The hyoid suspension neck lift, a surgical procedure focused on attaching the platysma to the hyoid, restores a youthful shape to the neck. Results last a decade or more, are reproducible and the procedure consistently corrects the range of cosmetic neck concerns, from early neck laxity to significant laxity and skin excess, according to a recent study.
Mequon, Wis., plastic surgeon N. John Yousif, M.D., who says on his website that he developed the procedure, was lead author of the review of 110 patients operated on in the last seven years.
The anterior platysmal bands become more visible with aging, not just because of gradual laxity of the underlying muscle support, but also anterior displacement of the muscle, from the platysma’s repetitive contractions. Eventually, active anterior displacement becomes the platysma’s position at rest, according to the authors.
The hyoid neck lift involves closely anchoring the platysma to the deep cervical structures — making it part of those structures. The skin, then, redrapes and recontours to the new, more youthful neck shape.
Essential parts of the neck lift technique include removing excess fat; attaching the platysma to the hyoid fascia, so that it follows the deep cervical structures, and suturing it above and below the connection; as well as undermining the skin, which allows the skin to redrape to the new position of the sutured platysma. While overlying fatty tissue hides the platysma before surgery, the authors write that attaching the platysma to deep structures and wide skin undermining is needed to achieve elements of an aesthetic neck.
In the study, 11 of the 110 patients had hyoid suspension neck lift alone; the others had the neck lift with a combination of other facial procedures, including facelift.
The authors illustrate cases where patients experienced notable improvement. Whether at rest or in activation, the anterior platysma isn’t visible post-surgery. Even a patient with significant skin laxity before the surgery had stable results five years later. In one illustrated case, the patient extended the neck to show that even then the platysma maintains its position in the deep underlying cervical structures.
Only nine of the patients were male. Interestingly, two of the three patients who experienced postoperative hematoma in the study had drainage and control surgery post neck lift. Both patients who returned for surgery were male. Within a couple of weeks post-surgery, three patients developed submental seromas requiring serial in-office aspirations. Two of those went back to surgery half a year later to have subcutaneous scarring resulting from the seromas removed. The platysmal bands recurred in one patient, during the study period, after the suture failed. But there were no reports of permanent nerve injury, skin loss due to vascular compromise, changes in vocal resonance or problems with swallowing, according to the study.
According to the authors, the hyoid suspension neck lift allows surgeons to achieve results that have been difficult to get with a single operation.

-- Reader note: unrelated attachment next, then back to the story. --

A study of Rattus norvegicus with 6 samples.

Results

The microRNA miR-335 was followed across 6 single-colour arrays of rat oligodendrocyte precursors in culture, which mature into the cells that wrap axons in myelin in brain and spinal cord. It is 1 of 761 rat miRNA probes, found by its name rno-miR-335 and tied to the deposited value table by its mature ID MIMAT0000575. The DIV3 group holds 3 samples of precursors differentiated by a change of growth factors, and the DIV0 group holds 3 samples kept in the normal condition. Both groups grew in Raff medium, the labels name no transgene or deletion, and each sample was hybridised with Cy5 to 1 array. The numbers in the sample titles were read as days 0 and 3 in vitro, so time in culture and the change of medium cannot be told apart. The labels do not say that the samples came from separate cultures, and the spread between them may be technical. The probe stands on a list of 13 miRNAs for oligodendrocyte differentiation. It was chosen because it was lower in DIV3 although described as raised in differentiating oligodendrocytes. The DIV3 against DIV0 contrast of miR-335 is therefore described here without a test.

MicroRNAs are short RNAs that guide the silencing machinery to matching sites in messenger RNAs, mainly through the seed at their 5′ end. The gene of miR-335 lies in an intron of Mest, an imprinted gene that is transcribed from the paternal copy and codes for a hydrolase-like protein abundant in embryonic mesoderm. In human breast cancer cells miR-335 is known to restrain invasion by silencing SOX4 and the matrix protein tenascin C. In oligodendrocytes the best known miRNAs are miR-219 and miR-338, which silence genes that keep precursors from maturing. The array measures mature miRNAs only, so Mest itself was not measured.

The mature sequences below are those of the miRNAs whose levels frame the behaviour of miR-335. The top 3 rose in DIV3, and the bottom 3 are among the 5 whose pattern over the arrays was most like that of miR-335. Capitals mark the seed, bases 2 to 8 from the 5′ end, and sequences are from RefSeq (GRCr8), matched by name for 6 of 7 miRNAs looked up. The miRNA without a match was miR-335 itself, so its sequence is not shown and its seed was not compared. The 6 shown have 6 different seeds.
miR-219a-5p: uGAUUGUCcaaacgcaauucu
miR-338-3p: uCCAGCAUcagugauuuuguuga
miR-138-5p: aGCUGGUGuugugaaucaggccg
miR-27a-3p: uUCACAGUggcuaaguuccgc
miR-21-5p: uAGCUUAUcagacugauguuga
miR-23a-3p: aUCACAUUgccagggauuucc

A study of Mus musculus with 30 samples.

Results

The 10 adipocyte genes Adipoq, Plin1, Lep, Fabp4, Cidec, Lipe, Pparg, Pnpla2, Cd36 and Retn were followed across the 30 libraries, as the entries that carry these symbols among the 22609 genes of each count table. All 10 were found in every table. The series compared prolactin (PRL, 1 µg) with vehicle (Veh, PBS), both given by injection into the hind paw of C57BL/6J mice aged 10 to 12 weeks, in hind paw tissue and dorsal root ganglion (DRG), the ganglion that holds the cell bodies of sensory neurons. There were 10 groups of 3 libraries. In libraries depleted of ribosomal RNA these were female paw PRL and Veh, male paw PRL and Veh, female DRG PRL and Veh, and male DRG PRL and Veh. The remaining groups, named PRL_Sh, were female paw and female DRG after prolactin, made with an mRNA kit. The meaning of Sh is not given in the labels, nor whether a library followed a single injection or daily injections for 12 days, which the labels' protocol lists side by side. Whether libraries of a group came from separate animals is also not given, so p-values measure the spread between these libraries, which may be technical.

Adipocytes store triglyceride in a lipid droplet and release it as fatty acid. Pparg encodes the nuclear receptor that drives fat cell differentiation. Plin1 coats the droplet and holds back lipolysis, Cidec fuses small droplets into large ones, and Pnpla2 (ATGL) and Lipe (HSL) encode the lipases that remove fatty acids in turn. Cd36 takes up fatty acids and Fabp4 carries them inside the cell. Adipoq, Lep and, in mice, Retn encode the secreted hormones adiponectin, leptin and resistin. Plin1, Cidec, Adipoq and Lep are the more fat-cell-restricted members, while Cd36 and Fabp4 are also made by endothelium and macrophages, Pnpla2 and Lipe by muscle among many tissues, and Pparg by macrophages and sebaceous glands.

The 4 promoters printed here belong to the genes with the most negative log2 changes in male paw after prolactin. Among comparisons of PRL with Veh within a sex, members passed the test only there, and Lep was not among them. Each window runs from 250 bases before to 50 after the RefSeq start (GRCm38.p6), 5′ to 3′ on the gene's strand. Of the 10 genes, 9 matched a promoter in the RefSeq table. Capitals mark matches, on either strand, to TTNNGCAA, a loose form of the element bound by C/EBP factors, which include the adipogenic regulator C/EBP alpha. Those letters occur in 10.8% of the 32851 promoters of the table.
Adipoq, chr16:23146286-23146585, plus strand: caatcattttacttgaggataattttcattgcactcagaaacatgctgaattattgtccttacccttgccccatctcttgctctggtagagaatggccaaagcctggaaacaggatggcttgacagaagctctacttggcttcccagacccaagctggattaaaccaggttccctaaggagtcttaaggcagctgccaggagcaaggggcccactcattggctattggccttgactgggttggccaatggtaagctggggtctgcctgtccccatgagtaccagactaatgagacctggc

NEXT: Surgeons Weigh In
Surgeons Weigh In
The hyoid suspension neck lift described in the article addresses a common frustration among neck lift patients and their surgeons, according to facial plastic and reconstructive surgeon Andrew A. Jacono, M.D., at the New York Center for Facial Plastic and Laser Surgery in New York City and Great Neck.
“The biggest problem with face and neck lift surgery is recurrence of platysmal laxity and bands often within the first year to three years after surgery. There have been a lot of studies published over the course of the last decade to try and address this problem,” Dr. Jacono tells Cosmetic Surgery Times.
“This is a great study that documents the outcomes from securing the platysma to the peri-hyoid cervical fascia. I initially learned of this technique at plastic symposia from various speakers, and have incorporated it into my practice over 10 years ago,” Dr. Jacono says. “In my practice I have noticed that it has improved the longevity of my neck lift results.”
Plastic surgeon Brent Moelleken, M.D., associate clinical professor of surgery at the Geffen School of Medicine at UCLA and not a study author, says the paper is very interesting in that it looks at another approach for reducing the platysma’s activity in older patients by tying down the platysma to a deeper layer.
“While it is certainly innovative, I would love to have seen a comparison with botulinum toxin A, the usual way that we treat neck banding refractory to corset platysmaplasty treatments,” Dr. Moelleken tells Cosmetic Surgery Times. “I would also love to have seen the effects during swallowing and facial expression — critical elements of the platysmal appearance.”
The platysma muscle, which spans from the collar bone to the jaw line, is a functional muscle, he says.
“Patients are often under the impression that this muscle will be completely smooth. Still with a well done facelift, neck lift and corset platysmaplasty, the neck is much smoother,” Dr. Moelleken says. “The platysma muscle is still alive, so still animated. That is a normal part of how the muscle works. The study included most patients receiving both a facelift and a submental platysmal tightening, so the effect of the hyoid fascia suspension alone can’t be easily separated from the effect of the facelift, presumably with upward elevation of the SMAS platysmal complex. Nevertheless this is a very interesting approach to the continued problem of platysmal banding after corset platysmaplasty”
Disclosures: Drs. Jacono and Moelleken report no relevant disclosures.